Copulas in Amy Hempel's Tumble Home
Hempel takes full advantage of the many hidden expectations and functions of linking verb constructions, which can be deceptively complex.
A copula, also commonly known as a “linking verb,” functions to join the subject of a clause to the predicate. On the face of it, it is surprising that in her novella Tumble Home, Amy Hempel uses a lot of verbs of being, since these are generally discouraged in English classes, labeled weak or dull. However, Hempel takes full advantage of the many hidden expectations and functions of these constructions, which can be deceptively complex. Sometimes, she uses a copula simply to give the reader a breath after a hitting them with a complex use of a lexical verb or a dense image. Other times, she will use it to clear the verbal real estate in order to make way for a big, juicy predicate. Still other times, the copula is used to play with the reader’s expectations about new and old information, particularly in a sub-class of copular constructions called “clefts.” I will reserve this last class of examples, clefts, for a future post.
Copulas are often maligned because they do not independently carry any meaning, but only perform the grammatical function of linking two parts of a sentence. The types of copulas that we typically refer to when we talk about verbs of being are the predicative kind, either equating two things, “equative” (e.g. Mary is my doctor) or ascribing an attribute to a noun phrase, “attributive” (e.g. The sand is hot). An example of the former follows:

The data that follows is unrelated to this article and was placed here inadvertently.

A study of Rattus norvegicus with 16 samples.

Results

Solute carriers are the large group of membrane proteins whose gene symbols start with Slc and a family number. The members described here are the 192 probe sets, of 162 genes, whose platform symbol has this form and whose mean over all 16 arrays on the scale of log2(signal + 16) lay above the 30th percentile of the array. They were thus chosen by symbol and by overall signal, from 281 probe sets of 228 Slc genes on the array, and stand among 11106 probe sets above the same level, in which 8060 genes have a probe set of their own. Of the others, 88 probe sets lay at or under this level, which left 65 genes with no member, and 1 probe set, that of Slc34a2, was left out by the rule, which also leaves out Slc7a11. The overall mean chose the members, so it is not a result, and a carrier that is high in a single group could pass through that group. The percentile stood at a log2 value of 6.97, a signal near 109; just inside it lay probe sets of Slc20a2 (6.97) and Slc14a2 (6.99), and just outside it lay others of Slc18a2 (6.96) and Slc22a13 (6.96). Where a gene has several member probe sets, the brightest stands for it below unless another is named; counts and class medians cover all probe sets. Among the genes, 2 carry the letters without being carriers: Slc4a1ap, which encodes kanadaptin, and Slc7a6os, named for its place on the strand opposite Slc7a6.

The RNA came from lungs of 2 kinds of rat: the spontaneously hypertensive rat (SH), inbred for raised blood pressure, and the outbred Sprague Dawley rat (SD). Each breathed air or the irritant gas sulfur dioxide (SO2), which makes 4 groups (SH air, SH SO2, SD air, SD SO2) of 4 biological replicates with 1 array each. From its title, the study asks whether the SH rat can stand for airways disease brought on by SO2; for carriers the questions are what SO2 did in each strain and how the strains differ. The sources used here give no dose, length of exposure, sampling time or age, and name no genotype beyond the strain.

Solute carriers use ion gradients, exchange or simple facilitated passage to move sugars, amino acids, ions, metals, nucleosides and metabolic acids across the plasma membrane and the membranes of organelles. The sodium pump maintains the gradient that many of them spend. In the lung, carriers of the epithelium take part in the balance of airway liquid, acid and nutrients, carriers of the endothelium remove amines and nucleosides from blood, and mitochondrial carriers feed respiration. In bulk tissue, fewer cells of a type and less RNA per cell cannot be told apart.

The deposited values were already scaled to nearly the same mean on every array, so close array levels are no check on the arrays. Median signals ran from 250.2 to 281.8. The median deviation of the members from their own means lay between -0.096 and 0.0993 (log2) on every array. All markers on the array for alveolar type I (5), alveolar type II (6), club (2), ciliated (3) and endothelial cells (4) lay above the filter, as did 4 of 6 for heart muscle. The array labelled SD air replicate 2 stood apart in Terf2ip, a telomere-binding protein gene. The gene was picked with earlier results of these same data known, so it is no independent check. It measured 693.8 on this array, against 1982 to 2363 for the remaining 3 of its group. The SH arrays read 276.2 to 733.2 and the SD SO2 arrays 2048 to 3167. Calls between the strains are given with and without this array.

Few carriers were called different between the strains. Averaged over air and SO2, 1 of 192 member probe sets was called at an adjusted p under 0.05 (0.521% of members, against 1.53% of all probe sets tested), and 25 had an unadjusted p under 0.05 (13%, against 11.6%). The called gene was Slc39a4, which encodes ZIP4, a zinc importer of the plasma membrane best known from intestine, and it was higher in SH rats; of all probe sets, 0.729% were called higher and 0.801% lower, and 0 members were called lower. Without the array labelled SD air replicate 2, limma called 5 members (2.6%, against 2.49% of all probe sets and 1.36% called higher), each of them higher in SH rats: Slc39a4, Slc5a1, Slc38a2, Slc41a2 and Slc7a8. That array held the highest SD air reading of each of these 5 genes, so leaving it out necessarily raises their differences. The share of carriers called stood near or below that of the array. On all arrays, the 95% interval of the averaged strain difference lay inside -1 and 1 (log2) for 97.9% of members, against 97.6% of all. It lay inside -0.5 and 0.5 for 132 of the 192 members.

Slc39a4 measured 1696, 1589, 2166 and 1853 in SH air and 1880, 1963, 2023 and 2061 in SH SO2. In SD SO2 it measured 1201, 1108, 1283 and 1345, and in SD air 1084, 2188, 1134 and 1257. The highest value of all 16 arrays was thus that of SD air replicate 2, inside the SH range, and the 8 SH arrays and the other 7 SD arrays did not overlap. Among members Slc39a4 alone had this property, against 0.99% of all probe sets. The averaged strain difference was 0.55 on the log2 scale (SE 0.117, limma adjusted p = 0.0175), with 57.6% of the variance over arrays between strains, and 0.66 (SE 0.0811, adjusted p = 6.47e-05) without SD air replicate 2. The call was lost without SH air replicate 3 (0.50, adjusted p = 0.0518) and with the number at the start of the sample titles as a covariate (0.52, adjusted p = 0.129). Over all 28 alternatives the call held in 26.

After many years vacant, what was once a parlor hung with portraits of the founder, the place the girls received their guests, is now a lounge we call the Hostility Suite (238).
This sentence is complex in terms of imagery and clause structure. And it is equative: the former parlor = the current lounge. However, the image and the equation combine to maximize the humor of the final phrase, “Hostility Suite,” which has room to land. The invisibility of the main copular verb allows time to be spent with the idea of a Hostility Suite standing in the place of a once distinguished parlor. The use of the copula is important in balancing the rest of the sentence.
An example from Hempel’s work of the attributive kind of copula also has a lot going on, phrase-wise, and ends with humor:
I told him I looked forward to meeting them [Warren’s parents], even though it always seemed that the very things others find charming about your parents—the feyness, the provincialism, the odd takes on everything—are the things that make you want to rustle up a firing squad (244).
In this example, the copula is in a subordinate clause; the main verb is told. The idea of the rustling up of a firing squad at the end is deeply embedded in the sentence’s structure, but is shepherded in by the copula. Too much verbal action before that image would detract from the shock of the character’s surprisingly violent, if tongue-in-cheek, reference. We get a taste of her anger, her deep frustration.
A final related example involves not complex structure, but an image that needs space: “The worst I ever saw was a body without a head” (239). We need the extra room in the sentence evacuated of a contentful verb to make way for the horror of this image. In fact the key paragraph, which broaches the roots of the narrator’s distress, is itself replete with copulas:
Are you wondering why a person who is already small would want to make herself look smaller? That should become clear. Not everything I know is something I want to see. Though on highways and, once, on a mountain road, I have strained to see things I didn’t want to see. The worst I ever saw was a body without a head. That was when I realized that I don’t mind seeing everything as long as everything is there for me to see (239).
Although copulas generally have a reputation for being weak verb choices, Hempel’s copulas serve the narrative by letting a humorous, surprising, or upsetting image concentrate the impact of a sentence and deliberately dispense the energy and tension of paragraphs and, ultimately, of the story.
Note: Page numbers cited are from the following edition: Hempel, Amy. The Collected Stories of Amy Hempel. Scribner, 2007.